The boxes are abstract representations of the various resources/objects in the game. The arrows in the chart represent the ‘flow of benefit’, which indicates that the presence of one resource will benefit the other.
The arrows for some are interpreted as a direct benefit, such as [Luxury Resource]-->[Happiness] (each luxury resource increases happiness by 5). For others the arrows indicate an indirect benefit, such as [Worker]-->[Land] (workers build improvements which increase the land’s value). A few arrows merge with other arrows to indicate a requirement/dependency, such as [Citizen]--[Building]-->[Great Person] (citizens placed in a building’s specialist slot gain great person points). The arrows leading to the “Benefits All” box indicates that the benefits apply to most of the other resources in the game, such as policy (which can affect everything from the wonders’ production rate to the culture cost of new policy’s).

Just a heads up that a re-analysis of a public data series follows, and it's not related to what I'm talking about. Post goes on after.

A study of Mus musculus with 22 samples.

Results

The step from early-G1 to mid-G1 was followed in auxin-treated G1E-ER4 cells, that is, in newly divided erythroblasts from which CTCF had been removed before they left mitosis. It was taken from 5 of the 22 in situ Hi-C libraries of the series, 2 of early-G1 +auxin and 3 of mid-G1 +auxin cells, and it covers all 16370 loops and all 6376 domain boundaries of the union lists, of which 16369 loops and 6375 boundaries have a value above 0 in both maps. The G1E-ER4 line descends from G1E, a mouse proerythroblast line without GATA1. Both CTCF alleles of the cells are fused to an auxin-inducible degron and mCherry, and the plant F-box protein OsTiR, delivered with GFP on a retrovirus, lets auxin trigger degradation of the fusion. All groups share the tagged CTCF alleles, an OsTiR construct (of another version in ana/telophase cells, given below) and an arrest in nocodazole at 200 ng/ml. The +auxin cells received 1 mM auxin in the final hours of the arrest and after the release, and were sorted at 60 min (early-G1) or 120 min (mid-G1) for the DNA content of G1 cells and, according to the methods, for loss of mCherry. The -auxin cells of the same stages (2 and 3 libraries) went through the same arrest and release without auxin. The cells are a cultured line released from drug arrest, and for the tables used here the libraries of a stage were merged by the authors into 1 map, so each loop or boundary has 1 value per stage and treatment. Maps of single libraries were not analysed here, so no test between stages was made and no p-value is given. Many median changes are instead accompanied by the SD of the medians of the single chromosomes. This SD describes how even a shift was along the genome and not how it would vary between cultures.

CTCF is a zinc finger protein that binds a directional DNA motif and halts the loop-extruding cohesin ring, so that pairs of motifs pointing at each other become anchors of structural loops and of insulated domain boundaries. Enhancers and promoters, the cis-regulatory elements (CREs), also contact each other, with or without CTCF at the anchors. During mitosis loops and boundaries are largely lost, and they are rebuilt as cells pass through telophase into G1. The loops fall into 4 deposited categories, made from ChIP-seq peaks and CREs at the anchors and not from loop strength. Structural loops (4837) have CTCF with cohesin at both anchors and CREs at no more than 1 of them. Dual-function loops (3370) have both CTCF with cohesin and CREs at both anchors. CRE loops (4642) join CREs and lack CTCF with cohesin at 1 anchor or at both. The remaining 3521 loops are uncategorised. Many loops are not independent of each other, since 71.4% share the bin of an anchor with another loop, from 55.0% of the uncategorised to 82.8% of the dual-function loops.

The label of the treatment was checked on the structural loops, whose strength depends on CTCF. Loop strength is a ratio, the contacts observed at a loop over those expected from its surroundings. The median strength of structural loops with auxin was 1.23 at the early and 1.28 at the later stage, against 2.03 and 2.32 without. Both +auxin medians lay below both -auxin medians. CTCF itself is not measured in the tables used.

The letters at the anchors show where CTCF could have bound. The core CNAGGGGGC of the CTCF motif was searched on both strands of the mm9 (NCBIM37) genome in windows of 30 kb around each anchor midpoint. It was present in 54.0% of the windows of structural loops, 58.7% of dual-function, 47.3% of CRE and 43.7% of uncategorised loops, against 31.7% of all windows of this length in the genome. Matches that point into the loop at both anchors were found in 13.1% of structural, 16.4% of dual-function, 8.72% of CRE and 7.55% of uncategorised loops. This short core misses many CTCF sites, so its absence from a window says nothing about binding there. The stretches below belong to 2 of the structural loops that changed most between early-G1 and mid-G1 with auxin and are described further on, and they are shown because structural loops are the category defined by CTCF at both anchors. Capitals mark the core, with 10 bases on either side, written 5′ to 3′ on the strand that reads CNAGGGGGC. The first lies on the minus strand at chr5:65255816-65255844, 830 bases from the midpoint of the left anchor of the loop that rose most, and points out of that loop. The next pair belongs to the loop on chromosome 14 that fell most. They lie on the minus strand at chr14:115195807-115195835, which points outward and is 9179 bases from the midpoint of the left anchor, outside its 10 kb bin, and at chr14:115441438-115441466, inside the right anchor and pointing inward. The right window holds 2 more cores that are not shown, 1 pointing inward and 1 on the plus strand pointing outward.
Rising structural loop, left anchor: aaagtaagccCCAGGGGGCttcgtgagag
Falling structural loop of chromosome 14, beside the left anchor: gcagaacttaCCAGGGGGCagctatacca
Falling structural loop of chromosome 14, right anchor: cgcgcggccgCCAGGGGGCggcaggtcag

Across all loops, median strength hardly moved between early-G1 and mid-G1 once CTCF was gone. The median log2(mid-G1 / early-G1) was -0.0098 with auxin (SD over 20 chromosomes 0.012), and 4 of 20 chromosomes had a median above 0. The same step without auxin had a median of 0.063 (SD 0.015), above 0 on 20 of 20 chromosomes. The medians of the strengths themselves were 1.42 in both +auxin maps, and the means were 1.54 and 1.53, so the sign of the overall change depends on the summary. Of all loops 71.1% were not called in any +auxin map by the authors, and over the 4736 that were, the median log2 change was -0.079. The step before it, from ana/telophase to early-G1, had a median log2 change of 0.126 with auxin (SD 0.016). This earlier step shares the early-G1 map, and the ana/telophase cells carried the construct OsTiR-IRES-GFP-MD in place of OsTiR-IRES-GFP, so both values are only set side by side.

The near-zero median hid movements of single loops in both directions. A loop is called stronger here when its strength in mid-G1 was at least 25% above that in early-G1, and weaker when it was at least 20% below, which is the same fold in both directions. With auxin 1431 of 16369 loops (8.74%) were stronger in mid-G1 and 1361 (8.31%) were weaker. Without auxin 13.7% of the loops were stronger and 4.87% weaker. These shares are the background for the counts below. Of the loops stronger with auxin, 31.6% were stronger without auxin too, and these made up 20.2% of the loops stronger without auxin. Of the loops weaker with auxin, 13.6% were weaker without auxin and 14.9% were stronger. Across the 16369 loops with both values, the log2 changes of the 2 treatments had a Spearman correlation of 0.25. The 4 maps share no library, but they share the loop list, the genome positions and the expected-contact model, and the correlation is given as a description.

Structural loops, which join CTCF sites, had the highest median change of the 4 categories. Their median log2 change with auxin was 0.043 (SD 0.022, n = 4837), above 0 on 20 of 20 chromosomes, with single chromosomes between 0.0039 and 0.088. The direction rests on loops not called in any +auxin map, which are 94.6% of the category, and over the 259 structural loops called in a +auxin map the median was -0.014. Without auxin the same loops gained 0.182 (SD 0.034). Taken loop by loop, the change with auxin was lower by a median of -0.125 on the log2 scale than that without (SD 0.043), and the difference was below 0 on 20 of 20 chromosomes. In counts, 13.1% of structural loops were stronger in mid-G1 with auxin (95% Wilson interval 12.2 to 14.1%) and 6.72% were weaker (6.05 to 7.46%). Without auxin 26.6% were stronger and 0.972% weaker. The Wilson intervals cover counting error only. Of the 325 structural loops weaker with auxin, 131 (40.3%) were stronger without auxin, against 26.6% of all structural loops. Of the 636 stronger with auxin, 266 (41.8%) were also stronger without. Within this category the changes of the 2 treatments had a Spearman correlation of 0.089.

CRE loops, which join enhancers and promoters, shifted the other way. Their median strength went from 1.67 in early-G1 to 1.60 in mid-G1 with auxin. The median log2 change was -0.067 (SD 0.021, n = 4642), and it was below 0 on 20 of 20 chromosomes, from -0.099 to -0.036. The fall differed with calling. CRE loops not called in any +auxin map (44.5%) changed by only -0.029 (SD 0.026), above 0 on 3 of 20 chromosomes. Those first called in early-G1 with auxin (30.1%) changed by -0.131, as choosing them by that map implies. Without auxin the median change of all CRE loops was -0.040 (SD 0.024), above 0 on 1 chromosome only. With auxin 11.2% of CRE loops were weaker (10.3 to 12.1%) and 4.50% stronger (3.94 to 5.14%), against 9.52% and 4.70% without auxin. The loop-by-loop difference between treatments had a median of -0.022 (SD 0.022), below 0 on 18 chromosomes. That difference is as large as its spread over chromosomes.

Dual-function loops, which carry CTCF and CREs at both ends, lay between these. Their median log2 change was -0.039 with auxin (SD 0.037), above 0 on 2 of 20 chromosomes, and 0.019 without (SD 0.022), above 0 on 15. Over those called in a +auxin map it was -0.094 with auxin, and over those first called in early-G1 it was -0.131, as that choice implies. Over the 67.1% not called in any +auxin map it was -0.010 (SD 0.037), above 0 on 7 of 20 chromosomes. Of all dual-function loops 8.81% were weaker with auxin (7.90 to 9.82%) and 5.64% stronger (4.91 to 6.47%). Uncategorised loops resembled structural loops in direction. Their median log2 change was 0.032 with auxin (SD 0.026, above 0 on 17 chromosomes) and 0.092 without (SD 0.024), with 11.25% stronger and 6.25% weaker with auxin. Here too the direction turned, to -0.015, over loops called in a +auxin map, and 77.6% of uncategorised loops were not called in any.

Please note that the chart is not exhaustive, and it lacks some hindrance effects (such as citizens and cities produce unhappiness) and it lacks some intermediary items (such as science victory requires spaceship parts), but overall players can get a quick high-level view of the complex web of resource interaction. Players then can decide which resources to focus on in order to achieve a certain victory.
Personally, when making this chart, it helped me realize that if I have heavy production I should strongly pursue wonders. The chart also allowed me to see how important food is for a science victory. Hopefully the chart will give you some helpful insight in the Civilization 5 economic balancing.